Fr Jacques Nzumbu SJ speaks at a CJI co-sponsored event held at the Metropolitan Toronto University’s Ted Rogers School of Management November 23, 2022. Photo: Juan Emilio Hernandez/CJI
Watch video of the event here.
TORONTO — Fr Jacques Nzumbu SJ, a Congolese Jesuit and specialist in renewable energy technology, urged universities and NGOs on November 23 to conduct “deep research” into whether the green energy transition is “just” both ethically and economically. He also called on them to ensure that their investments are not supporting mining companies that violate human rights and cause irreparable harm on people’s health and environment in the Global South.
“Universities have a responsibility to question, to publish, and do research,” on the green energy transition, which is being advanced in the Global North as a solution to the climate crisis, said Fr Nzumbu. A “just transition” should be the guiding principle in the search for valid and legitimate energy and ecological transition.
Fr Nzumbu spoke at an event co- organized by Canadian Jesuits International (CJI), the Toronto Metropolitan University’s Institute for the Study of Corporate Social Responsibility, St Mark’s College at University of British Columbia, Campion College at the University of Regina, St Paul’s College at the University of Manitoba, and Regis College at the University of Toronto. The event was held in person at the Ted Rogers School of Management, and online via Zoom.
Fr Nzumbu decried the devastating impact of mining operations, some by Canadian companies, on local communities in the Democratic Republic of the Congo (DRC).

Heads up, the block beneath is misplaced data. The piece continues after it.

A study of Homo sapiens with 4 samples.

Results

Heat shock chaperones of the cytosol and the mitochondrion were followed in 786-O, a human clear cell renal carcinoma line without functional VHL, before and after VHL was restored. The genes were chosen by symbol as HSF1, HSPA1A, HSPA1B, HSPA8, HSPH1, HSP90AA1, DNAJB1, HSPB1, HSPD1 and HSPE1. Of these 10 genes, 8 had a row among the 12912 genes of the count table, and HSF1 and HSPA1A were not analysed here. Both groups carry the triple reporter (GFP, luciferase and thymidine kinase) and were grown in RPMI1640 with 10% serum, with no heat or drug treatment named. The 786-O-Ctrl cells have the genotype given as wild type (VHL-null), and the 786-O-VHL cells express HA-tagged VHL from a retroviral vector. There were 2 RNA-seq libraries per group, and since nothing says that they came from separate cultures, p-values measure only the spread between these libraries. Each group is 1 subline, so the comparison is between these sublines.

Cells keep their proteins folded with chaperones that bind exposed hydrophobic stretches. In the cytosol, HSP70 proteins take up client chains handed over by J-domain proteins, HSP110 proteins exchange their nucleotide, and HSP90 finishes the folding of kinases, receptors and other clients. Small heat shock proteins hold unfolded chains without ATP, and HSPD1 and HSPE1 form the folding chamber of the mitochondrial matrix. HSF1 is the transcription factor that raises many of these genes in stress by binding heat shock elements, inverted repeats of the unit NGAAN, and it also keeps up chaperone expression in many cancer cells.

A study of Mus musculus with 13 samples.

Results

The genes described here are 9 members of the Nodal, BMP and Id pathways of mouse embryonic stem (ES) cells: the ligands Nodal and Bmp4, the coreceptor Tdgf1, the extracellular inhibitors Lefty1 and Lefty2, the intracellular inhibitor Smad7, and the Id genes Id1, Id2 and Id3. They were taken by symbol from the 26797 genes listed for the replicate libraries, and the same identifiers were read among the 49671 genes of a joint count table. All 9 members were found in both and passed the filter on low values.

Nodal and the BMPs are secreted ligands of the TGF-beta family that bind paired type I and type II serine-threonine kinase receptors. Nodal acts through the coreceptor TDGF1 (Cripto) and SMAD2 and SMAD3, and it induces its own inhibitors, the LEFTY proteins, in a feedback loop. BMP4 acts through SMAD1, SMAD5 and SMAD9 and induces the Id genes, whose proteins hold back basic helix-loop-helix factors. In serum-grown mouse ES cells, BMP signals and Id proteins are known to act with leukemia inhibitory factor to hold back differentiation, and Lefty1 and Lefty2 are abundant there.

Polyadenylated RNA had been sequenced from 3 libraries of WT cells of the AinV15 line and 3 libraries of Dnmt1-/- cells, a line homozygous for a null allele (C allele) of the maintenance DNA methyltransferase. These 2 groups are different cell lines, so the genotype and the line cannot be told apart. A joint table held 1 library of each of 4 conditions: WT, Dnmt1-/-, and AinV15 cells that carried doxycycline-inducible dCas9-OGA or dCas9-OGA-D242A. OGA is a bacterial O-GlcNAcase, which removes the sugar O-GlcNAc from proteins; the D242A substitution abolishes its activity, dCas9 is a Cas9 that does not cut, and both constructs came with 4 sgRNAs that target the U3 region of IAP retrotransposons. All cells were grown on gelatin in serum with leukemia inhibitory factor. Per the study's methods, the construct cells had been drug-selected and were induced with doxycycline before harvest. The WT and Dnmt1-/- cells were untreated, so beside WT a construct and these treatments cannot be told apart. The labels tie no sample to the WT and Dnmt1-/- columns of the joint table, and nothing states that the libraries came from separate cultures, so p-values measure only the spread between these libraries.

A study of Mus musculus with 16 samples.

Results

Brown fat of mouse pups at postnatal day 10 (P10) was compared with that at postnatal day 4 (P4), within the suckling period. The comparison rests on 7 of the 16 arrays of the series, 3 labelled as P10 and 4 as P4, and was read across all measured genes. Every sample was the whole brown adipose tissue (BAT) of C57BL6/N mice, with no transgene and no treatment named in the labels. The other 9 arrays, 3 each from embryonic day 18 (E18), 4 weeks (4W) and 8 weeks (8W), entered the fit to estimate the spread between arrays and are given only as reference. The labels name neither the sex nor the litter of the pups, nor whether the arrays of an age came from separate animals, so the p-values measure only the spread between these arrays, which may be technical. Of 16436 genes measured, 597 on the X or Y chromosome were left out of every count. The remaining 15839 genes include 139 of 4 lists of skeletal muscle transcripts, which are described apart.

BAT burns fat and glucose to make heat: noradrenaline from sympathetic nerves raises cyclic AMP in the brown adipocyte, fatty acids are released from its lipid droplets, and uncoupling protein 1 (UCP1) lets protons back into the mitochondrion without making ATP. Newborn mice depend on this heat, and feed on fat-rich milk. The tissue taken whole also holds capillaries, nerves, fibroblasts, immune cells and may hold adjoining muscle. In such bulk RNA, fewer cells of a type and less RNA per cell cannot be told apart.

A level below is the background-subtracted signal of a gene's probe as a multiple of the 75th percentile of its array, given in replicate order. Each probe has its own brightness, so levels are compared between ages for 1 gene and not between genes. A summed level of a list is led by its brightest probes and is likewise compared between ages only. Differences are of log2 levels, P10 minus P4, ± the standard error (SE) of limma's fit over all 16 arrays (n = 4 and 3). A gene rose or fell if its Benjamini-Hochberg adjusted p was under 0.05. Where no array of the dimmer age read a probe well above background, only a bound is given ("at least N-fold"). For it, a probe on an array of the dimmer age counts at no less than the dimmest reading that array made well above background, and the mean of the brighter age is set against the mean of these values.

Aside from conventional practices that displace communities, mining companies also buy from artisanal mines that employ child labour, he said. In his visit to artisanal mines Fr Nzumbu has witnessed children washing cobalt in muddy, uranium-laced waters. Cobalt is used for lithium-ion batteries that power electric vehicles, laptops, and smart phones.
“I asked workers to get out of this kind of work, but there’s no alternative for them,” said Fr. Nzumbu, noting that the DRC is heavily dependent on income from mining.
Fr Nzumbu underscored the importance of imposing mandatory due diligence, saying that voluntary compliance doesn’t really change the behaviour of mining companies. “The reports from mining companies are not accurate…Companies are reporting that they are the best, but we are still suffering on the ground,” he said. “Transparency is important,” so that investors can make good decisions about the assets they are holding, he added. “Are these green assets? Toxic assets? Human rights abuse assets? Without information, they will make mistakes.”
He also urged civil society organizations in the North to work with people in the DRC in monitoring the activities of mining companies and publishing information about human rights abuses. He noted how, with the help of a network of NGOs, Germany was able to pass a Supply Chain Due Diligence Act that mandates German companies to observe human rights and environmental due diligence obligations in their supply chain. The law will come into force January 1, 2023.
CJI Executive Director Jenny Cafiso, who spoke briefly at the event, urged Canadians to support two private Members’ bills introduced in the House of Commons March 29, 2022.
Bill C-263 aims to empower the Canadian Ombudsperson for Responsible Enterprise (CORE) to compel Canadian corporations to provide documents and testimonies in response to complaints about their actions that violate human rights. Bill C-262 will require Canadian companies to exercise due diligence with respect to human and environmental rights throughout their global supply chains.
If passed, these bills would give marginalized communities in the Global South more protection against forced labour, land and water contamination and violence against women.